Album reflects rapper’s maturity


Forget everything you know about Mac Miller. If you don’t know anything about him, even better. Now’s the time to pay attention. The 23-year-old rapper from Pittsburgh, Pa., has come a long way since enthusiastically chanting “there’s a party on fifth ave,” over and over until it was stuck in your head for weeks. The once “frat rap” star has done a lot of growing up in recent years, resulting in his most recent release, “GO:OD AM.”

“GO:OD AM,” his first major label release, departs from the melancholy nature of his past two releases (the addiction-fueled album “Watching Movies With the Sound Off” and the underrated tale of recovery, “Faces”), bringing us a new tale of optimism and ambition.

New songs focus on recovery and showcase a new side of Miller. (Warner Records)

I had the privilege of interviewing Mac Miller when he performed at the College in April 2013 — right before his album “Watching Movies” showed the world his darker side. It took a little while to understand him through the drug-induced slurring, but I was taken aback by his intelligence, enthusiasm and kind-hearted spirit. Two years later, Miller has decided to share this side of himself with all of us.

“GO:OD AM” showcases Miller’s transition from party-boy to recovering artist in a strikingly honest way. He uses the intro track, “Doors,” as an opportunity to assure listeners that he is “in a better place” now, and continues to support this message throughout the album.

You’ll still find Miller’s signature boyish wordplay (lovable arrogance stuffed with humor, sexual themes and pop culture) on tracks like “Clubhouse” or “Rush Hour,” but be prepared for old school, soulful choruses on songs like “Brand Name” or “Two Matches” (featuring Ab-Soul). Miller also incorporates incredibly refined songwriting on the pop, should-have-been-a-summer-hit, “Weekend.”

“100 Grandkids” was the first single released off this album back in August, and is easily one of the best hip hop singles of the year. It’s the kind of song that just begs to be blasted, windows down, flying down 295. And we certainly can’t talk about driving music without mentioning Miller’s second single, the dreamy “Break the Law” (which features some of the best wordplay on the album) or the fiery banger “In The Bag,” where Miller takes the time to remind any haters that he couldn’t care less what they think — because he thinks his music is awesome. You know what, Mac? So do we.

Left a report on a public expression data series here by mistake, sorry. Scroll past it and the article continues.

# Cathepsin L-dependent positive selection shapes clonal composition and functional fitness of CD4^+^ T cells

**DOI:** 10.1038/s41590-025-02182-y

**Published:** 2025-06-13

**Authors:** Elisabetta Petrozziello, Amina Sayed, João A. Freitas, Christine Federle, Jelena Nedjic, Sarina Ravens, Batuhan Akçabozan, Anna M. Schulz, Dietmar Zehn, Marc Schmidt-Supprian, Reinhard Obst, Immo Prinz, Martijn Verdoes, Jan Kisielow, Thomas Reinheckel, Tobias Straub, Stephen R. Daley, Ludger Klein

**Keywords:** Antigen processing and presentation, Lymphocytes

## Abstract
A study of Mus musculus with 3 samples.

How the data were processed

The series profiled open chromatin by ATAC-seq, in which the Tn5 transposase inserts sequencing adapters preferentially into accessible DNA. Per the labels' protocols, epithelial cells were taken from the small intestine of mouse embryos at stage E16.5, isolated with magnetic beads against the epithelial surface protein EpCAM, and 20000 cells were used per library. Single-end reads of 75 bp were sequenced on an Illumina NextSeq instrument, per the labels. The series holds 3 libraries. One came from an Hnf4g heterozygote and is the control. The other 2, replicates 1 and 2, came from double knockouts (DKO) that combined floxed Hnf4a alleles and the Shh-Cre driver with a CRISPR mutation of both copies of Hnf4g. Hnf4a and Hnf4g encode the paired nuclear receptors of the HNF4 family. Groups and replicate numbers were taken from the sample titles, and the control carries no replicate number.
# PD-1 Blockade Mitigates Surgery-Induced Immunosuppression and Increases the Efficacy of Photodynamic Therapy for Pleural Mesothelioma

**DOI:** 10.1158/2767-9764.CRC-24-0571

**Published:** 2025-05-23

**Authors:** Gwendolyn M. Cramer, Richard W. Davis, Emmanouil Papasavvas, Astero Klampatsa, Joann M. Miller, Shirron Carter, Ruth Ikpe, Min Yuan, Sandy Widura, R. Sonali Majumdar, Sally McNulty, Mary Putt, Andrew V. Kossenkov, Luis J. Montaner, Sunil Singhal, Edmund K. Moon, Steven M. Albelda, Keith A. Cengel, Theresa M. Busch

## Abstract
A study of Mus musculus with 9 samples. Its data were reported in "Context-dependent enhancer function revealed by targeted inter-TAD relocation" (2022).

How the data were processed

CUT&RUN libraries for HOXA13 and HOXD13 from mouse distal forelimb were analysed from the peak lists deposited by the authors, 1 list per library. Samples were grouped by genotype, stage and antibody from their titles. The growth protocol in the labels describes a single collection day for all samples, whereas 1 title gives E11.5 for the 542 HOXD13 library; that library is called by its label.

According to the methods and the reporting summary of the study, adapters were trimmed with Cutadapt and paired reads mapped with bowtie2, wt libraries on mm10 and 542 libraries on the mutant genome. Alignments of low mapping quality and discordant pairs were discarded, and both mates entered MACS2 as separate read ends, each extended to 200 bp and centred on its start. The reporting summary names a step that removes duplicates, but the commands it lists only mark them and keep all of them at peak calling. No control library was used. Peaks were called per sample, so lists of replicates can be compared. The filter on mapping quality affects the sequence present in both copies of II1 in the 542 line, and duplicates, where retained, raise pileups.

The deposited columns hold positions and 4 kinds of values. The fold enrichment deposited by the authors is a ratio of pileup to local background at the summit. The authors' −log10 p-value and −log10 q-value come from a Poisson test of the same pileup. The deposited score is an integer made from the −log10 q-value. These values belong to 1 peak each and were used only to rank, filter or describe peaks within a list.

The seemingly random placement of the more radio-friendly tracks on this album leaves me a bit confused at moments, but the rest of the record is filled with a flavorful mix of the melancholic Miller we’ve grown to love and the newly optimistic Miller we’re just being introduced.

It seems Miller may finally have a leg up on the worst of his mental health and drug issues, even if he is far from sober. To quote Miller directly, “To everyone who sell me drugs, don’t mix it with that bullshit, I’m hopin’ not to join the 27 club.”

The man acknowledges his vices and mistakes and is trying to be better in spite of them, which is something worth taking away from this record. Mac certainly hasn’t reinvented hip hop — with the occasional misogynistic lyrics being the only smudges on an otherwise tasteful album — but he seems to be a lot closer to finding his place in it, and finding happiness. We may not know what exactly brought about this shift in Mac, but the soulful chorus of one of “GO:OD AM’s” final tracks, “Ascension,” may just say it best: “What’s the difference between heaven and hell? A brand new me.”

Maybe you need to travel through hell to release something this heavenly.